Share Alex Lasker, AOL.com Oct 11th 2018 10:08AM A woman who was removed from a Frontier Airlines flight over her emotional support squirrel says she plans to seek legal counsel in wake of the ordeal.
Cindy Torok was escorted off Flight 1612, traveling from Orlando, Florida, to Cleveland, Ohio, on Tuesday, after airline staff discovered she brought her 11-week-old squirrel Daisy on board.
When Torok defied staff requests and refused to get off the plane, police were called to remove her. Soon after authorities arrived, all of the passengers on the flight were deplaned and Torok and her pet were taken off the aircraft.
Torok claims that she had a letter from her doctor and a letter from the Americans with Disabilities Act permitting her to travel with Daisy as a comfort animal. She also says her daughter called Frontier ahead of time to get clearance.
Video: Woman Kicked Off Plane Over Emotional Support Squirrel Plans to Fight Airline
The airline says that although Torok had, in fact, noted in her reservation that she would be traveling with an emotional support animal, she did not indicate the pet was a squirrel, WJW reported.
According to the airlines policy regarding animals, “rodents, including squirrels, are not allowed” on its flights, regardless of their function.
Flight 1612 departed for Cleveland, Ohio, two hours after schedule. Torok was reimbursed for the cost of her ticket and given a voucher for another flight, which landed her back in Cleveland on Wednesday morning.
In an interview with WJW, Torok lamented the way the airline handled the incident and said she plans to hire a lawyer.
“They said, Either you walk off the plane or Im going to arrest you for trespassing, and we will take that squirrel. I said, Youre not taking my squirrel. Sorry, youre not. I refuse. You will not take my baby from me.”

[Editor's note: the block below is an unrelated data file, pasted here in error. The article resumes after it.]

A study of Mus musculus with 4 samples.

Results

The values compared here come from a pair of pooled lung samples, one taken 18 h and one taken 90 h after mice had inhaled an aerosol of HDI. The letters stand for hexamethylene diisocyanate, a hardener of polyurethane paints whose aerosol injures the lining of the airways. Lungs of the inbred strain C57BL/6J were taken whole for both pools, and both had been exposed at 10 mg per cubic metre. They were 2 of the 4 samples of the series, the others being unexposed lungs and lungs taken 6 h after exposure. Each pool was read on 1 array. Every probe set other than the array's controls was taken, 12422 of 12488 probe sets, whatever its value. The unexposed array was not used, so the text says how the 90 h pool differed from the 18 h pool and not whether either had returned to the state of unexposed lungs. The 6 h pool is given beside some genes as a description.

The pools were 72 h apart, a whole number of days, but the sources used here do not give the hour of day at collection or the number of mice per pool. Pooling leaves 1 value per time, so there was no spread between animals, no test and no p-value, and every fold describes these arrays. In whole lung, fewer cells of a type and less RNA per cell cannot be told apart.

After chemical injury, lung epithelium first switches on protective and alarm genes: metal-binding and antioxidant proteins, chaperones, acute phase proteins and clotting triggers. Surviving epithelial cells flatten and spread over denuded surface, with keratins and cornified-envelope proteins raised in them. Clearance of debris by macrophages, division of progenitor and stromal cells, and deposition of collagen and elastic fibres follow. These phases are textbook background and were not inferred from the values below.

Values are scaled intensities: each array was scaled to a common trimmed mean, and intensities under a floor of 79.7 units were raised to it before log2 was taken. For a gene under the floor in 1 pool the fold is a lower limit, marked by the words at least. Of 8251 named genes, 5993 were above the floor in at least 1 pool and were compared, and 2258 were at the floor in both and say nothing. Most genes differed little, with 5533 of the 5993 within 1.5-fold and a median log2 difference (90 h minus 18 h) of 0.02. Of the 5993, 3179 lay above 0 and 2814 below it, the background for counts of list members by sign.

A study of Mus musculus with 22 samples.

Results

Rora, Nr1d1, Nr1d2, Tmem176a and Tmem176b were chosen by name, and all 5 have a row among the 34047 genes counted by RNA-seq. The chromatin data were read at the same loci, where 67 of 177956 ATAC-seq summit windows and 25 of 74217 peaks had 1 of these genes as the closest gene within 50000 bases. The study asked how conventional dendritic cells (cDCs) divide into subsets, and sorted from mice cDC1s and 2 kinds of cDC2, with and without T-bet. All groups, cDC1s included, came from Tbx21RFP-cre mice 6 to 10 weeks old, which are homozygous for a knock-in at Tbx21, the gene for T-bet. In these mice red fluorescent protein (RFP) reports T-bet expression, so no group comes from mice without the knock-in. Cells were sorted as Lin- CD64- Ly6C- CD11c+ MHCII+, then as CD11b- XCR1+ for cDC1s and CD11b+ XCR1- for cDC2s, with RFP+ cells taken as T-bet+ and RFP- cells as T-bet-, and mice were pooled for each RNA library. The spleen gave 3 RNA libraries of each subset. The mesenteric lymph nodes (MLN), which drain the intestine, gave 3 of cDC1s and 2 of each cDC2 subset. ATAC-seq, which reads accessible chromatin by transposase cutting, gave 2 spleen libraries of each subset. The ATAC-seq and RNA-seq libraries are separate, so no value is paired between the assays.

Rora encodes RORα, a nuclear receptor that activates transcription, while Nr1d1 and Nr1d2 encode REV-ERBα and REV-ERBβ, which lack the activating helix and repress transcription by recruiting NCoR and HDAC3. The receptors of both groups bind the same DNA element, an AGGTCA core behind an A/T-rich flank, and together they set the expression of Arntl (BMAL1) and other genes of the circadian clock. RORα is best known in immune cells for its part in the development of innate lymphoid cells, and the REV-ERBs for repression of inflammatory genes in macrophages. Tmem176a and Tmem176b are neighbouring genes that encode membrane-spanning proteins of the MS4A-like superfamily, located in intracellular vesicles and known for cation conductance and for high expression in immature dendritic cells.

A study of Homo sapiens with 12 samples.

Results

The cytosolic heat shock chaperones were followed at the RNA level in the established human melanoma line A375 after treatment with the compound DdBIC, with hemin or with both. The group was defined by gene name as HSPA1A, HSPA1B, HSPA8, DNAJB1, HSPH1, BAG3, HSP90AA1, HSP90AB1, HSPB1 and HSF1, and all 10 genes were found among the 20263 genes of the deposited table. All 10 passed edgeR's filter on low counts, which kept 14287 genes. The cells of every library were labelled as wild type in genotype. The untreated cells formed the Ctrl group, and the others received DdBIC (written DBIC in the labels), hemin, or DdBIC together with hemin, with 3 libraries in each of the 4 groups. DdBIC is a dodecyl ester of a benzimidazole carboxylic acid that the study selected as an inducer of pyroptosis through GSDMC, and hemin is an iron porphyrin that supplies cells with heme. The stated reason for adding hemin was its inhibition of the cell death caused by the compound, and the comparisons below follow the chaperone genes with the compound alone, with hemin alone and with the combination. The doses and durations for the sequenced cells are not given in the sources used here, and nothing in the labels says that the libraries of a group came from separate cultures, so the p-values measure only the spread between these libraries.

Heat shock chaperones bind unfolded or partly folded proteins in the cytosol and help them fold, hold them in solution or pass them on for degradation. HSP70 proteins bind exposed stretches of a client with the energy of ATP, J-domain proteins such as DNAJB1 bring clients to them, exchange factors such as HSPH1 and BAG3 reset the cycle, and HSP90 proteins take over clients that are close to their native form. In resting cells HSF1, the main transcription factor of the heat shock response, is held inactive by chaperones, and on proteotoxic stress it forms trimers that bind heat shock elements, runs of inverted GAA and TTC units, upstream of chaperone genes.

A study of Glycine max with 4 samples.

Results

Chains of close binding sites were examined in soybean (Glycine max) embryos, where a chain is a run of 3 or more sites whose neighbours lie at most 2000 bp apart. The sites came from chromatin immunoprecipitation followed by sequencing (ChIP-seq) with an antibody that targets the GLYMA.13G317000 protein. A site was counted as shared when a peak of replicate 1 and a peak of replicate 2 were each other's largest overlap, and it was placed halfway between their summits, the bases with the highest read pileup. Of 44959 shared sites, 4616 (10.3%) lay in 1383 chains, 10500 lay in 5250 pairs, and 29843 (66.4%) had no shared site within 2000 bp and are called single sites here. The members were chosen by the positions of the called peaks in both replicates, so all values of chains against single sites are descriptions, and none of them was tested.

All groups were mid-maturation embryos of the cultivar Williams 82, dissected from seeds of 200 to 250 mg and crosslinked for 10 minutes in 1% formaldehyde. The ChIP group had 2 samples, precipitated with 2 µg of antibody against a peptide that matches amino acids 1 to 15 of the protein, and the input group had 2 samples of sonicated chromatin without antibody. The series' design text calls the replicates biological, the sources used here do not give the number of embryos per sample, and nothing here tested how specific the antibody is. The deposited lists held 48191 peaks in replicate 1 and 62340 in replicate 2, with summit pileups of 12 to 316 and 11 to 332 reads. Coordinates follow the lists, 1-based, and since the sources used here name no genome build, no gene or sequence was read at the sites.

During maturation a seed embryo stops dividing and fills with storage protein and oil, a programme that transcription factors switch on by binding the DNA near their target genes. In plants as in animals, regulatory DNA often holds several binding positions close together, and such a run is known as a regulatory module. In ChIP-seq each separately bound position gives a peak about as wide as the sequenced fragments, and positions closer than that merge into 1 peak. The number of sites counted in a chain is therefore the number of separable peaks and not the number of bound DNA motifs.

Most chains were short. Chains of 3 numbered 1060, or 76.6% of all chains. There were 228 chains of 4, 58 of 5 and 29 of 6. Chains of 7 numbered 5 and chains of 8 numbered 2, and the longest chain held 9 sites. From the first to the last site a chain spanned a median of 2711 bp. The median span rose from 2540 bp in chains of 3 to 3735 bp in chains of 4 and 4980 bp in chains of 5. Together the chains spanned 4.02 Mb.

Torok, who owns other exotic animals like lizards and bearded dragons, said she got the squirrel three weeks ago to help with her anxiety in crowds.
In January 2018, United Airlines made headlines for refusing to allow a woman to travel with her emotional support peacock. The story sparked debate over what types of animals should be allowed aboard commercial planes, as well as suggestions that some passengers might be abusing the system.
Some airlines now require doctors notes from passengers traveling with comfort animals, along with advanced notification and the animals vaccination records.
Flight 1612 bound for Cleveland was delayed Tuesday night because the owner refused to exit the plane with her emotional support animal.
It was a memorable flight for Cassondra Hartsfield to say the least. The Liberty woman was waiting for her flight to take off from Orlando to Cleveland when she had to deboard. It was delayed because a woman had an emotional support squirrel. Hartsfield talked to her before boarding.
“I saw something move in her carrier bag, and I asked her what it was. I said, ‘Oh, you have a little puppy?’ She said, ‘No, it’s actually a squirrel,’” Hartsfield said.
The woman told Hartsfield the squirrel was 11 weeks old, a “girl” and her name was Daisy. She said her neighbor caught the squirrel and another one that was its “brother.” They each took one.
The passenger with the squirrel went through TSA with Hartsfield as agents checked the pet carrier. Agents let the woman carry the squirrel instead of putting the animal through X-ray, according to Hartsfield.
“She showed us the bottle she carried that has the squirrel’s formula and a little syringe that had a little nipple on it she said she uses for feeding,” Hartsfield said.
Once they boarded, Hartsfield said flight attendants realized what the woman had on her lap in her seat. Then, they asked her to get off the plane but she refused, so everyone had to deplane.
“It was kind of chaotic because people were rushed trying to get off because they were trying to hurry everyone to deplane,” Hartsfield said.
Passengers who left items on the plane were not permitted to go back on to retrieve them. Flight attendants had to do that.
“You just got to get off. This is their policy. You got to get off. You are holding everybody up. Everybody was just frustrated because we were already on,” Hartsfield said. "I’ve never seen such a thing in all my life –ever.”
Hartsfield is waiting to hear back from Frontier on some sort of compensation for the hours-long delay.